DULUTH, Ga. — Championship games between familiar foes are rarely friendly.
But Kentucky Coach Matthew Mitchell thought the Southeastern Conference championship game with Tennessee got a little too chippy, including a pair of double technicals in the second half that he thought altered the game.
"I was very disappointed in how that affected the game," Mitchell said. "It could have been stopped much earlier than it boiling over and affecting the game."
Mitchell and his UK players said the "activity" started before the game with trash talking from Lady Vols junior forward Cierra Burdick and continued throughout.
"It's not the first time that's happened with that player," Mitchell said, noting that he mentioned it to the officials repeated times. "So you watch film. You see how players act. So I noticed it early on. It's a loud arena. It's a tough game. I guess they didn't see it."
The frustrations boiled over into double technicals for Samarie Walker and Burdick with 8:35 to go and UK up 51-50.
"She said something to one of my teammates; I said something back," Walker said. "That kind of made it worse."
The first issue turned into another round of double technicals for DeNesha Stallworth and Jasmine Jones.
"That's not what I wanted to see in the SEC championship game," Mitchell continued. "I'd rather see two teams play, not have a bunch of talking, yapping, unsportsmanlike conduct, but that's what it ended up being."
Burdick was asked about it after the Lady Vols' 71-70 win in The Arena at Gwinnett Center and she shrugged it off.
"I don't remember making contact with anybody," she said. "It's a physical game.
"Chippiness happens. It happens. This is basketball. It happens every single day. I think the refs did a fine job of avoiding any altercations. Nothing happened. Words were said, but words are words. No actions took place."
Tennessee Coach Holly Warlick said she didn't notice what Mitchell said he was seeing before and during the game.
"I just wanted us to compete," she said. "I thought that's what we were doing."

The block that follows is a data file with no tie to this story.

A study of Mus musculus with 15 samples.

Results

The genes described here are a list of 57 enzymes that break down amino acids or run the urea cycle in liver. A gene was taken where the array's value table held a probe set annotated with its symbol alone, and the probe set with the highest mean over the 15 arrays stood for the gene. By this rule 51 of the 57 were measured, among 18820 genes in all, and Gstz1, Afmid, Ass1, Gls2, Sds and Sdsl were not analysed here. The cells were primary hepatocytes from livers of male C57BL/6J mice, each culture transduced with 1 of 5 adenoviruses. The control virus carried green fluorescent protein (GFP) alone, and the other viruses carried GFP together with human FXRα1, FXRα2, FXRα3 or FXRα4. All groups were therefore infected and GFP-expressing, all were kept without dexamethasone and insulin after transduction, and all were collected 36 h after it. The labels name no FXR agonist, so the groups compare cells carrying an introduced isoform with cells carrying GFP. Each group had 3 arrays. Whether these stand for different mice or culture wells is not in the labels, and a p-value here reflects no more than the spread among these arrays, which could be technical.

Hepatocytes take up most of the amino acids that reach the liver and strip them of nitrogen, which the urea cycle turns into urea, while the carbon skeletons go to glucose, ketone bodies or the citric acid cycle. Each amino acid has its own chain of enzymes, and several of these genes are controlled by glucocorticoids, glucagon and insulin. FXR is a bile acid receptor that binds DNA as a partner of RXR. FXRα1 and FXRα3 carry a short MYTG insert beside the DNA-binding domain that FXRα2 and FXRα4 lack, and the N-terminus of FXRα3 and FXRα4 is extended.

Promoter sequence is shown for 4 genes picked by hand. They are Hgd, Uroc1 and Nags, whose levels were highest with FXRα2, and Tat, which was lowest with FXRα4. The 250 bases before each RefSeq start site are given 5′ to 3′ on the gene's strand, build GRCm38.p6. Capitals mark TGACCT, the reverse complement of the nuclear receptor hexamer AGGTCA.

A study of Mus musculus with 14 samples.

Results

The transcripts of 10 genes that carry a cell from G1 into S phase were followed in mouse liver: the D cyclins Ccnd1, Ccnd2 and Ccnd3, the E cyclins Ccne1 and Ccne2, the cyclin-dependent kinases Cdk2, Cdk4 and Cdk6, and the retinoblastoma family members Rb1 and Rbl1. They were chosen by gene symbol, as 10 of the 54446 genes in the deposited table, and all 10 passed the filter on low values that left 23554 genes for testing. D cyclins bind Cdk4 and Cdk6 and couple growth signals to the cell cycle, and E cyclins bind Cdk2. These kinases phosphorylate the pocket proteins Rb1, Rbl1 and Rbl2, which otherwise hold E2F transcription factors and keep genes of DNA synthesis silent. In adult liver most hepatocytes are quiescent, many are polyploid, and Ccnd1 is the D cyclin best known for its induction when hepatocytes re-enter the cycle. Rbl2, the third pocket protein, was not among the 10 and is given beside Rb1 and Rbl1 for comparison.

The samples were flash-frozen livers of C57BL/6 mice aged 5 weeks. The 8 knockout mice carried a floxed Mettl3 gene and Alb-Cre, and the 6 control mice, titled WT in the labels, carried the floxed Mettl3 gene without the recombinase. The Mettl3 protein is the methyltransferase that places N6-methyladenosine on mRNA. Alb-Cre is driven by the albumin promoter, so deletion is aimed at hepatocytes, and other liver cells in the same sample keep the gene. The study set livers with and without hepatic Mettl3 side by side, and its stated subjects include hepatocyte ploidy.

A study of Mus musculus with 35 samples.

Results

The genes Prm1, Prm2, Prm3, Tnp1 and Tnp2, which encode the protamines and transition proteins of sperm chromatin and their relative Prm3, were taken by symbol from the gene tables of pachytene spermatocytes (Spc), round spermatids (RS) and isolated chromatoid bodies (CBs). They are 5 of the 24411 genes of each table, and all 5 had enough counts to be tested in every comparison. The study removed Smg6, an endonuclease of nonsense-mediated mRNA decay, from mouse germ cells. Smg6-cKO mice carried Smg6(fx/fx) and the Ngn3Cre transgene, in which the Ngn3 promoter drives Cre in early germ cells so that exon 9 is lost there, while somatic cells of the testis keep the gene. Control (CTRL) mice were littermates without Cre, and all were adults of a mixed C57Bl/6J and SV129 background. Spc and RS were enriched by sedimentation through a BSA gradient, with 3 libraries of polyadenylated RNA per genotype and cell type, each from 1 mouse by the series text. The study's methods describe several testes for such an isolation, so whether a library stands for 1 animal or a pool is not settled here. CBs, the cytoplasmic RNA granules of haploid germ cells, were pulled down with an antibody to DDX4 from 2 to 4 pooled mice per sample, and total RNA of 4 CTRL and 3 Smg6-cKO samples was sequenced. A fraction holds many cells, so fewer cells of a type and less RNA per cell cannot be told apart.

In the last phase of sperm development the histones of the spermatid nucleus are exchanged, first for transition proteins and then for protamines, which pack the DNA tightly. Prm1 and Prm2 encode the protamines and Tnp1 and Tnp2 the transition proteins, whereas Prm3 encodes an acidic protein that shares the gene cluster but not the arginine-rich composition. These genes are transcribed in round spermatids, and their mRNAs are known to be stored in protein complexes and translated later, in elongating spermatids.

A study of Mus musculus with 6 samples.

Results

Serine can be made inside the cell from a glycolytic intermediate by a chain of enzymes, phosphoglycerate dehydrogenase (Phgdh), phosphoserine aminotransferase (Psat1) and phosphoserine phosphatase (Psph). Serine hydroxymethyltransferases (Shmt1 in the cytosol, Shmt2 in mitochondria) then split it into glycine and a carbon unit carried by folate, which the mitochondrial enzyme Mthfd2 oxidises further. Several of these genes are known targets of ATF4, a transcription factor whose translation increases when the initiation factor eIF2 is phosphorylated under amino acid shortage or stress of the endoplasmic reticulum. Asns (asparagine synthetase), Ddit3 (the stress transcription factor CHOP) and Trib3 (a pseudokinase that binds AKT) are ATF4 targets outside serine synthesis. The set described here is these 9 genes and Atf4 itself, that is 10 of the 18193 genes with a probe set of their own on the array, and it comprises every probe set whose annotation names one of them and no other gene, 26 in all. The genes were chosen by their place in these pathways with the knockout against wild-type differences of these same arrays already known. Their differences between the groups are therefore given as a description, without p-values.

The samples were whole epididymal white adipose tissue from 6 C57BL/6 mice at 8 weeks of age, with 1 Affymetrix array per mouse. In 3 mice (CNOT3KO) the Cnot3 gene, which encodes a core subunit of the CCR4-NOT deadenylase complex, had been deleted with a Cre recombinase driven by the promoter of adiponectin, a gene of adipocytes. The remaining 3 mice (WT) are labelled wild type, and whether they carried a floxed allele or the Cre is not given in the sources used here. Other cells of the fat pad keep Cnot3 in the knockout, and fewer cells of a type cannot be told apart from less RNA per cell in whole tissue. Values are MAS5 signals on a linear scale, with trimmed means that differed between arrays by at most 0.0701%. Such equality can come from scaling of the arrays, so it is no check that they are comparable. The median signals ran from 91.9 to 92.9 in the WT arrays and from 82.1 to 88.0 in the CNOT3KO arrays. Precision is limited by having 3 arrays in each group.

Waiting game begins
Kentucky doesn't learn its NCAA Tournament fate until March 17.
The Cats know where they will play — at Memorial Coliseum as a pre-determined first- and second-round host, but they don't know what seed they will earn.
Some stumbles early in the conference season and losses to unranked teams like Alabama and Florida coupled with four wins over top 10 opponents this season make the Cats' seeding tough to predict.
Mitchell said he heard one bracket analyst had UK as a four seed, which he pooh-poohed.
"I think that's a joke," he said. "I don't think we're a four. ... But I'll tell you this, I'm glad I'm coaching Kentucky going to the NCAA tournament. I don't know if anybody will be jumping for joy if they get the Wildcats in the first round."
Even the Tennessee coach scoffed at the idea of the SEC Tournament runner-up being a No. 4 seed. "That's crazy," Warlick said.
Regardless of seeding, (Sunday morning's ESPN Bracketology had UK as a No. 3 seed in the Louisville region with familiar top seed Connecticut and the Cardinals as the No. 2 seed), Mitchell likes how his team has come together down the stretch.
"I'm really excited about the NCAA Tournament," Mitchell said. "A lot of people thought we were dead in the water. We're not; we're here and we're ready to roll. I'm glad I'm coaching Kentucky."